Datong Film Conference: Still Tomorrow @ 142 Dwinelle Hall, Berkeley, CA 94720, United States, San Francisco [25 April]

Datong Film Conference: Still Tomorrow

19:00 - 22:00

Datong Society of China Studies sincerely invites you to join our film screening event! We are profoundly honored to invite one of the leading Chinese documentary directors Fan Jian (范俭) and film scholar Professor Linda Williams at UC Berkeley to join our film conference. We will be screening Fan Jian’s latest work Still Tomorrow (摇摇晃晃的人间) produced last year. The film is in Chinese with English subtitles.

Fan Jian-the leading documentary filmmaker in mainland China. His films have been selected into Berlinale, IDFA, BIFF, HKIFF and other film festivals. One of his most famous works, My Land, has been selected into the Panorama at Berlinale 2016. Still Tomorrow is his latest work and has won the IDFA Special Jury Award for Feature-Length Documentary in International Documentary Film Festival Amsterdam (IDFA) in 2016, one of the highest honors for documentary filmmakers.

Linda Williams- Professor in the departments of Film Studies and Rhetoric at UC Berkeley. As a dynamic film scholar and critic, Professor Williams has long engaged in a wide range of academic interests, including film history, film genre, melodrama, pornography, feminist theory and visual culture; all with an emphasis on women, gender, race, and sexuality.

About the film: China’s Emily Dickinson?
Still Tomorrow is directed by Fan Jian. Its content is based on the poignant story of an unusual Chinese poet—Yu Xiuhua.
Yu Xiuhua was a peasant woman poet. She was born in a small village in Hubei Province, China in 1976, with cerebral palsy. In 2015, her poem “Crossing Half of the Country to Sleep with You” (穿越大半个中国去睡你) was forwarded by Poetry Periodical in WeChat, and she has travelled a bumpy road to fame. Almost overnight, she became a household name. Following her tremendous popularity, journalists swarmed into her village to interview her. She soon was able to publish her first book of poetry and she began to be called “China’s Emily Dickinson.” Her triply-marginalized identities—rural background, gender, and disability—have triggered nation-wide discussions about the rights of women in marriage, sexuality and attitudes towards disability. The film documents Yu’s yearning for sexual and emotional intimacy, a fundamental human right not readily available to the disabled.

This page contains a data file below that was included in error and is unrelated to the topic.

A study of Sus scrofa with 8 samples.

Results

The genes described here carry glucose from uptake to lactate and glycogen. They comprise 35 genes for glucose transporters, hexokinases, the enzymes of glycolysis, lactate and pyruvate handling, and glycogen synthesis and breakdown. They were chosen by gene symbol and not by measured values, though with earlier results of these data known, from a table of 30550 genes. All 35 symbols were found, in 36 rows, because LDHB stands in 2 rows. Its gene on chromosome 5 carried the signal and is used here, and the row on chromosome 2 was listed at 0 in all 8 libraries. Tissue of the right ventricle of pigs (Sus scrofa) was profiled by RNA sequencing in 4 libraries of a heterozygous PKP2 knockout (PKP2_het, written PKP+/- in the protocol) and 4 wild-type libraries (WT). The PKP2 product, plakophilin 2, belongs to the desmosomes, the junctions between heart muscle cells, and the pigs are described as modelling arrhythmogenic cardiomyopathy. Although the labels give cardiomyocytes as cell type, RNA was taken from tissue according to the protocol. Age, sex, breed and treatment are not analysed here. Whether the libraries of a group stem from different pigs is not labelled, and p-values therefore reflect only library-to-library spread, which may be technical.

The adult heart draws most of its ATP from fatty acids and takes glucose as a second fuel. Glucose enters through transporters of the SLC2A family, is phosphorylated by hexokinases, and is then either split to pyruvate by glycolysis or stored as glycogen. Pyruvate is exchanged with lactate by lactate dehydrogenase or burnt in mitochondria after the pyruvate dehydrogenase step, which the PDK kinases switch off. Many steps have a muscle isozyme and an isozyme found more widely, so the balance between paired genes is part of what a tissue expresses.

The event is sponsored by Datong Society of China Studies and co-sponsored by Center for Chinese Studies.

If you are interested in films or social issues, particularly gender, class, and disability, this is an excellent opportunity to participate in the discussion that marriages documentary as an eloquent media and broader social discourse!